Sudan: Greater security needed for tens of thousands of Abeyei residents
The United Nations must step up efforts to provide the security required for tens of thousands of civilians stranded in makeshift camps in South Sudan to return to their homes after fleeing fighting in Abyei more than six months ago, Amnesty International said today.
More than 100,000 people – virtually the entire population - were displaced by the violence in May 2011 and ongoing insecurity, the presence of armed forces and militias and the danger posed by landmines are preventing them from returning.
“The Sudanese Army and allied militia have driven virtually the entire population out of Abyei and burned down their homes so as to prevent their return,” said Donatella Rovera, Amnesty International’s Senior Crisis Response Adviser who visited Abyei at the end of November – the first visit to Abyei by an international organisation since the May 2011 events.
“Charred homes and the shells of looted buildings testify to the horrors that took place in Abyei, which is now a ghost town. Everything of any value has been looted, including humanitarian organisations’ facilities and now the only signs of life are the soldiers and UN peacekeepers.”
What happened in Abyei has not been adequately investigated and so far there is no clear picture of how many people died or were injured, and who is still missing.
The UN should ensure that a proper investigation is carried out and in the meantime it should release whatever information was gathered by the UN mission deployed at the time in Abyei or by other UN bodies during and after the events.
The UN Security Council and Secretary General should also ensure the human rights monitoring component of the current UN mission’s mandate is implemented without further delay.
Most of those displaced by the fighting are now living in dire conditions in hastily set up camps or crowding in with relatives in communities with little or nothing to share. They are dependent on international humanitarian organisations for shelter, food, water and healthcare.
Angelina Aguir, a mother of two small Children's rights sheltering in a camp in the village of Mayen Abun told Amnesty international:
“We have hardly any food and nothing else. I don’t know what has happened to our home. We cannot go back so long as the army is there.”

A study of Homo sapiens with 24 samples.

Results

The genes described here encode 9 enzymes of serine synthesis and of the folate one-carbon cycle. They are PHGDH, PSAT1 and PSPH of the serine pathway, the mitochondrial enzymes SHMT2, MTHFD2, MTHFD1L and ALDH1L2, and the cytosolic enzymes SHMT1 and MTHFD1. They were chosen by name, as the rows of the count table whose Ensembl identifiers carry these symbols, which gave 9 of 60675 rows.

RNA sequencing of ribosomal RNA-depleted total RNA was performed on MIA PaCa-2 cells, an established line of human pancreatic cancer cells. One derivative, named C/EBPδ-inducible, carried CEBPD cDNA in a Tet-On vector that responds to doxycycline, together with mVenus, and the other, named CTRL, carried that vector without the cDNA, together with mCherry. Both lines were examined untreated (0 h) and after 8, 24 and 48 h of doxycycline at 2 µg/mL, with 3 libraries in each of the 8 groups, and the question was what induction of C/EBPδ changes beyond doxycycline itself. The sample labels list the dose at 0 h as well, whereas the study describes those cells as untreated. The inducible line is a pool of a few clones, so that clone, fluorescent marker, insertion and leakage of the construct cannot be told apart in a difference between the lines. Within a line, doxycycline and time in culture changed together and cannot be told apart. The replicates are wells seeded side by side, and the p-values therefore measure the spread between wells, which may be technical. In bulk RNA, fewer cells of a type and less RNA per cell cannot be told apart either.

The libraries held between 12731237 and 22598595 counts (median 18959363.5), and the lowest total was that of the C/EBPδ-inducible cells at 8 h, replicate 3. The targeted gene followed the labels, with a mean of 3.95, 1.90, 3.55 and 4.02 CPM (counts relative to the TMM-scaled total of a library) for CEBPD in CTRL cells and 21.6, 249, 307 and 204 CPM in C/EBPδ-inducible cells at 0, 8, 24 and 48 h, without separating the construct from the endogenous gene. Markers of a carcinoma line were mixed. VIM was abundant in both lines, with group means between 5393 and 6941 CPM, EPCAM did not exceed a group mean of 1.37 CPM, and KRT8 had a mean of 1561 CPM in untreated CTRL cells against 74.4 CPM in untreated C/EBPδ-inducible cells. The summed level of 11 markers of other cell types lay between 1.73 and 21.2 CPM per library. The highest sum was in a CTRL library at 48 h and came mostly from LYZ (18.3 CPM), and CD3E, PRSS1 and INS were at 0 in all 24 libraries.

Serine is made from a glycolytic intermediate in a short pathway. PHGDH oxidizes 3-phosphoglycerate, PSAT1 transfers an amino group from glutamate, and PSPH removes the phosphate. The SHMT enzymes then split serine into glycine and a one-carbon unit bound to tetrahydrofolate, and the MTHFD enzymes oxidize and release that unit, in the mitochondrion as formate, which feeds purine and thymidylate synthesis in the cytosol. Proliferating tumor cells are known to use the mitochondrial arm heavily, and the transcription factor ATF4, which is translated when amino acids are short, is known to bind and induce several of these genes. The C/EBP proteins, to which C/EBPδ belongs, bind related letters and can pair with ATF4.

Security fears have also prevented international humanitarian organisations from returning to Abyei, making it even more difficult for the displaced residents to return because they have lost their homes and crops and desperately need assistance to rebuild their lives.
Peacekeepers from the UN Mission in the Sudan (UNMIS) were stationed in Abyei when the violence and destruction took place last May but failed to take any meaningful action to prevent the attacks which resulted the displacement of more than 100,000 civilians.
Former UNMIS personnel told Amnesty International that a decision was made not to militarily engage with the Sudan Armed Forces (SAF) because SAF was better equipped.
When the Sudanese army blew up the bridge which linked Abyei to South Sudan, in an apparent attempt to prevent the population’s return, UNMIS’ peacekeepers did not intervene.
A new UN peacekeeping force, the United Nations Interim Security Force for Abyei (UNISFA), is present in Abyei Since July 2011. It has, among other tasks, a mandate to protect civilians. The Security Council gave UNISFA additional tasks related to the de-militarisation of Abyei on 14 December and will extend its mandate for another six months before it expires on 27 December.
“It is imperative that the UN learns from the failures of UNMIS and ensures that UNISFA is fully deployed and given the necessary human and material resources to enable it to fulfil its mandate to protect the civilians” said Donatella Rovera.
“The first step is to create the necessary security conditions in Abyei for the safe return of the population and to put in place robust mechanisms to implement the protection of civilians and human rights monitoring aspects of UNISFA’s mandate”, said Rovera.
The status of Abyei remains highly contentious, with both Sudan and South Sudan claiming it as part of their territory and both trying to consolidate their hold on the area. A referendum to determine the future of Abyei was scheduled for last January, but has been indefinitely delayed due to disagreements on voter eligibility of the two main ethnic groups- the southern ethnic Dinka Ngok, and northern semi-nomadic Misseryia.